Thoughts on free labor

Been thinking about a few things since reading Ashe Dryden’s (amazing!) post on The ethics of unpaid labor and the OSS community. Go read it; there’s a lot there, and what I’m writing here is just noodling at the margins.

First, I read Linus Torvalds’ “Just for Fun” a long time ago, maybe just after it came out, since Wikipedia lists it as being published in 2001, and I distinctly remember reading it at the beach in Steilacoom when we lived in Lakewood, which was 2001-2002. So my recollection is vague, but it seemed to me that he was in some way being publicly supported (welfare? student?) when he first started working on Linux. And so I wonder how much a good safety net, in assuring some amount of financial stability, would allow more people to participate in open source.

Second, my first fulltime job was at a children’s museum, and I worked with a woman who was an excellent artist but who didn’t get a lot of respect at work. (I wrote a bit about her for Ada Lovelace Day in 2009.) The managers finally started putting her talent to use, but she confided in me once that it wasn’t as awesome as she’d thought it would be, partially because doing art for work left her with less energy for art on her own time. It’s something I’ve since heard elsewhere in other endeavors, and sometimes experienced myself, but I always associate it with Mona because I knew how gifted she was.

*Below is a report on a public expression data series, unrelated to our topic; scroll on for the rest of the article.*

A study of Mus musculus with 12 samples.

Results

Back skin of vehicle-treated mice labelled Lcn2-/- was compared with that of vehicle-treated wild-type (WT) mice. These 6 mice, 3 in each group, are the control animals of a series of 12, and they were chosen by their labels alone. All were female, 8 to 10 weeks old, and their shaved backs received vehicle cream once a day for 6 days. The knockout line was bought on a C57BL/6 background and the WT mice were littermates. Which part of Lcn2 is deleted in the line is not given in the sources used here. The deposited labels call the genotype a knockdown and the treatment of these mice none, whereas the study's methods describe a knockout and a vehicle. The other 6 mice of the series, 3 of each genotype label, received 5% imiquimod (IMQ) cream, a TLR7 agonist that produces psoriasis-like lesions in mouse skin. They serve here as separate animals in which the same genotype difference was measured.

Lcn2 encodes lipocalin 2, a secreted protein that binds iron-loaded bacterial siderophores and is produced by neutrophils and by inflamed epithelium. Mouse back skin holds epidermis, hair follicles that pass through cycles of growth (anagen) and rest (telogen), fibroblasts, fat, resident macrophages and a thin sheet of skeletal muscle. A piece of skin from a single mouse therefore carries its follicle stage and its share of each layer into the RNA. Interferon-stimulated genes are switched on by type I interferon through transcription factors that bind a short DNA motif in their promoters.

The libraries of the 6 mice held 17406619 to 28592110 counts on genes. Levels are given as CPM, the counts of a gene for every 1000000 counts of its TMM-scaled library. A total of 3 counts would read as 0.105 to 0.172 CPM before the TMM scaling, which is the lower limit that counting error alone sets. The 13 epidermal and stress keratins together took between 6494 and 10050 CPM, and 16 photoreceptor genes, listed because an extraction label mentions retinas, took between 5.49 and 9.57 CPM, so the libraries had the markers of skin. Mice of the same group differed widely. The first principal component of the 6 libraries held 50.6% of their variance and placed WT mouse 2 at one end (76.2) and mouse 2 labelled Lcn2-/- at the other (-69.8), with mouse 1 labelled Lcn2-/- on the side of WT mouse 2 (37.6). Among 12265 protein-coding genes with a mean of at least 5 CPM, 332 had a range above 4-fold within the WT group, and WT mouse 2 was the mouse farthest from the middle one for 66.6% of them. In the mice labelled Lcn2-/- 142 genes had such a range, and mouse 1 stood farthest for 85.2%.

Third, the part I can’t entirely wrap my brain around is this idea that you’d want to hire or work with people whose main hobby is the same thing as their job. Doing other things gives you perspective. Even if they’re not serious important things like taking care of kids or working an extra job. I took a class over the summer, and it allowed me to be more of myself AND I got a better idea of what our audience is doing. I knit, and play games, and work on my yard, and those things are intrinsically pleasurable (mostly), and also make me a well-rounded human who talks to people who aren’t programmers and things about problems that aren’t in code. (Except the knitting is totally code.) I believe in my heart that whole people make better stuff.

One Reply to “Thoughts on free labor”

  1. I think what happened with me is good evidence of point 3. I did Drupal 24/7 (figuratively) for a few years and balance was not exactly a thing, and now I never want to do it again. Not only that but I lost sight of what made me feel alive and stopped doing it, because I felt that to have a successful career (especially as a woman) in an OSS world I needed to be spending ALL my free time contributing.